Former Bulgarian Prime Minister Simeon II Saxe-Coburg-Gotha has a real chance to condemn the state before the European Court of Human Rights in Strasbourg in the case of the so-called “royal properties”. Krassen Nikolov has the story.
Krassen Nikolov is a journalist specialised in judiciary affairs. He works for Mediapool and is a regular contributor for BulgarianPresidency.eu for the six months of the Bulgarian Presidency of the Council of the EU.
The court gave today (12 April) five months to both sides to reach an agreement, and if this would not happen, the court will issue a final ruling.
The child monarch who was deposed in 1946 spent most of his life in exile in Spain and was the country’s prime minister in the period 2001-2005. During that time he managed to retake ownership of several palaces and residences which were confiscated from the royal family by the communist regime.
Simeon’s property problems started in 2008, when he was still in the country, no longer as Prime Minister, but as a coalition partner with Bulgarian Socialist Party BSP and the Movement of Rights and Freedoms MRF. He then demanded the return of another “royal” residence – “Krichim”, near Plovdiv.
The District Governor of Plovdiv, Todor Petkov (from BSP), refused to return the residence, and the former prime minister decided to sue the state before a Bulgarian court, demanding that the property be returned to him. The Bulgarian court ruled that the residence was built with money from the institution that served the Bulgarian kings and not with the personal funds of the monarchs. Thus, the claims of Saxe-Coburg-Gotha for Krichim were rejected. The case triggered a series of claims by the state against Simeon II for the other properties of which he had already taken possession.
Now the court in Strasbourg rejected the former prime minister’s appeal regarding the Bulgarian magistrates’ decision on Krichim. The European Court of Justice stated that the Bulgarian courts judgement on the Krichim case was well documented and well grounded.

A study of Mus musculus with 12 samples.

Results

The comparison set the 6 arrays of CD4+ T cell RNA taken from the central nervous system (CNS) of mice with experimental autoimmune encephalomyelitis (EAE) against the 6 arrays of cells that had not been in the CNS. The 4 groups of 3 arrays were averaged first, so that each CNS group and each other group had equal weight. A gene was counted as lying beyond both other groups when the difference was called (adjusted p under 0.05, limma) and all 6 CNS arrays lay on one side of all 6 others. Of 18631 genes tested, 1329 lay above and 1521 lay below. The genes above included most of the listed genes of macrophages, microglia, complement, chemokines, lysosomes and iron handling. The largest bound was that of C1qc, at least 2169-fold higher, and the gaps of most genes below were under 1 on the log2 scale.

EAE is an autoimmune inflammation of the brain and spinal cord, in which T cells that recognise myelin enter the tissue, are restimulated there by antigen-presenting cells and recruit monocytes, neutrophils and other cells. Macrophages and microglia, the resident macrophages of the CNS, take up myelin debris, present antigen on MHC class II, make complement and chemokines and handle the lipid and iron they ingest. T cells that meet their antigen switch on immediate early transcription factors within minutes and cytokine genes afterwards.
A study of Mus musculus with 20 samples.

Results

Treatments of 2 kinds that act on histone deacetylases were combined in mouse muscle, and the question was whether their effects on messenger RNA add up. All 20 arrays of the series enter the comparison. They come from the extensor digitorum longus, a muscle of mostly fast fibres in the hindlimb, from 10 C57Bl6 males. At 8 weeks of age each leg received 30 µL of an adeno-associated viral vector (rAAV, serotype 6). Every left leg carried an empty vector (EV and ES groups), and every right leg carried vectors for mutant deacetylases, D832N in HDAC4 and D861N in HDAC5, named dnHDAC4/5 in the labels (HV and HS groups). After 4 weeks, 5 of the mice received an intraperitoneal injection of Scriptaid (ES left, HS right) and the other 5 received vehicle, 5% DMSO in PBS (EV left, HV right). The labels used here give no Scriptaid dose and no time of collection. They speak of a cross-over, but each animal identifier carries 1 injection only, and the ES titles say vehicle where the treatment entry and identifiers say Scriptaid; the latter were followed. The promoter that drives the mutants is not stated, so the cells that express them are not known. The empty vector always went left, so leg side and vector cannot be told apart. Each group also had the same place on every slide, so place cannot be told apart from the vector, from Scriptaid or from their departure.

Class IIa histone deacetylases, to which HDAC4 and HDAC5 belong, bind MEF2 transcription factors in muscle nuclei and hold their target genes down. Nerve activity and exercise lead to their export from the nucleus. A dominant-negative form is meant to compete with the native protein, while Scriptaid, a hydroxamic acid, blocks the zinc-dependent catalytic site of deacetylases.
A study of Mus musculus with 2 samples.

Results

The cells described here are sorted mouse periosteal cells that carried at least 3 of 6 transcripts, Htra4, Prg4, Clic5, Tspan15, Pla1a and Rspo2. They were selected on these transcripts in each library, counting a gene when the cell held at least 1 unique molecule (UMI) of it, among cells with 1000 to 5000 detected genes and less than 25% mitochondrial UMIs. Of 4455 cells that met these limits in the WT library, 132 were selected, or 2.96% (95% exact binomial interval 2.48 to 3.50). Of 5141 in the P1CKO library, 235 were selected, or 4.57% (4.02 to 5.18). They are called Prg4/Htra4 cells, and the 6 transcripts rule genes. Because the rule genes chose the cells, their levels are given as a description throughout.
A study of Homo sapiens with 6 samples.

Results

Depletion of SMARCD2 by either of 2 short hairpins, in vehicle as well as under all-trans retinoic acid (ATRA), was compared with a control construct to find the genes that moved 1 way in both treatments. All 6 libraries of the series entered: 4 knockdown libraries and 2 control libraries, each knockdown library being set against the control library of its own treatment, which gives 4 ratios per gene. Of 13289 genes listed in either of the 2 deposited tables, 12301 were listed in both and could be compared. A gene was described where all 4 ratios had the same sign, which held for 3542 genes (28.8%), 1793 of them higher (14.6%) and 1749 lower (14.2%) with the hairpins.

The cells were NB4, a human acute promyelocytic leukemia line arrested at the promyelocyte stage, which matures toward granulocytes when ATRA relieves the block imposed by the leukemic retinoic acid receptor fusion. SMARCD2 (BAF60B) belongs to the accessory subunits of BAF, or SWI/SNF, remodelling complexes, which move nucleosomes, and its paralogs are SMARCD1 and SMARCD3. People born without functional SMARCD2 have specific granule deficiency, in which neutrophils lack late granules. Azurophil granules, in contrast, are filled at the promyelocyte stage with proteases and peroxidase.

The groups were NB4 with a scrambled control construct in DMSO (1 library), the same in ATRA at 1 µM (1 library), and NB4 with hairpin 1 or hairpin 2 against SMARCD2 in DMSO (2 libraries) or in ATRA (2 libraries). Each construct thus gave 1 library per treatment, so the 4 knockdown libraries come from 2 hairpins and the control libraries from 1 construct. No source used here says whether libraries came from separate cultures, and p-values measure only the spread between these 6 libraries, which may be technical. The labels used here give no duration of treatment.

The problem for the Bulgarian state is rooted in the actions of the parliament since 2009. At that time the first government of GERB came to power, and the parliament voted a moratorium on the sale and commercial use of all property returned by the state to Saxe-Coburg-Gotha. The ban was then declared provisional until the adoption of a law to settle the issue of these properties. The purpose of the parliament was to secure the documentation that the state needed for the court cases it was planning to intent for determining the ownership of the properties. Nine years have passed, the moratorium has not been canceled, no law was adopted, and some of the court cases are still outstanding.
In the end, it is likely that Bulgaria will have to compensate Saxe-Coburg-Gotha for having infringed his rights.
Simeon II and his sister Maria-Louisa Chrobok are complaining in Strasbourg that the moratorium has put them in a situation of legal uncertainty. They have no right of access to a court to challenge the moratorium, as civil courts cannot rule on parliamentary decisions which decisions have the power of laws. This can only be done by the Constitutional Court, but Simeon II was no longer in power and had no right to turn to it.
The Strasbourg court will assess whether Bulgaria has breached the protection of property, the right to a fair trial and the right to fair compensation. The judgments of the Bulgarian courts, which recognise the state as the owner of the Saragjol and Sitnyakovo palaces, will be examined. Unlike the Krichim residence, they were already returned to Saxe-Coburg-Gotha, and then they were taken away from him after the court’s decision.
“I want to believe that the five-month term (given by the Strasbourg court) could lead to a civilized and just agreement, to avoid a situation where a former prime minister and a monarch would condemn his country”, said attorney Mikhail Ekimdzhiev, who is Saxe-Coburg-Gotha’s lawyer in the Strasbourg case, as quoted by the Bulgarian legal portal” lex.bg “.
Shortly before the start of the Bulgarian EU Presidency, Simeon II was in contact with the Bulgarian authorities and tried to negotiate with them. At that time, the proposal was for the state to abandon some property or to retain ownership, but to give Saxe-Coburg-Gotha the right to use it. In return, the former prime minister promised to withdraw his complaints from the Strasbourg court. The contract could only be stamped with a special law on royal properties
However, the issue has sparked tensions in the ruling coalition on the eve of the presidency, and the United Patriots nationalists openly opposed the conclusion of an agreement. Prime Minister Boyko Borissov then decided to bury the issue in order to avoid unnecessary headaches. Now, however, it is clear that the headaches are unavoidable.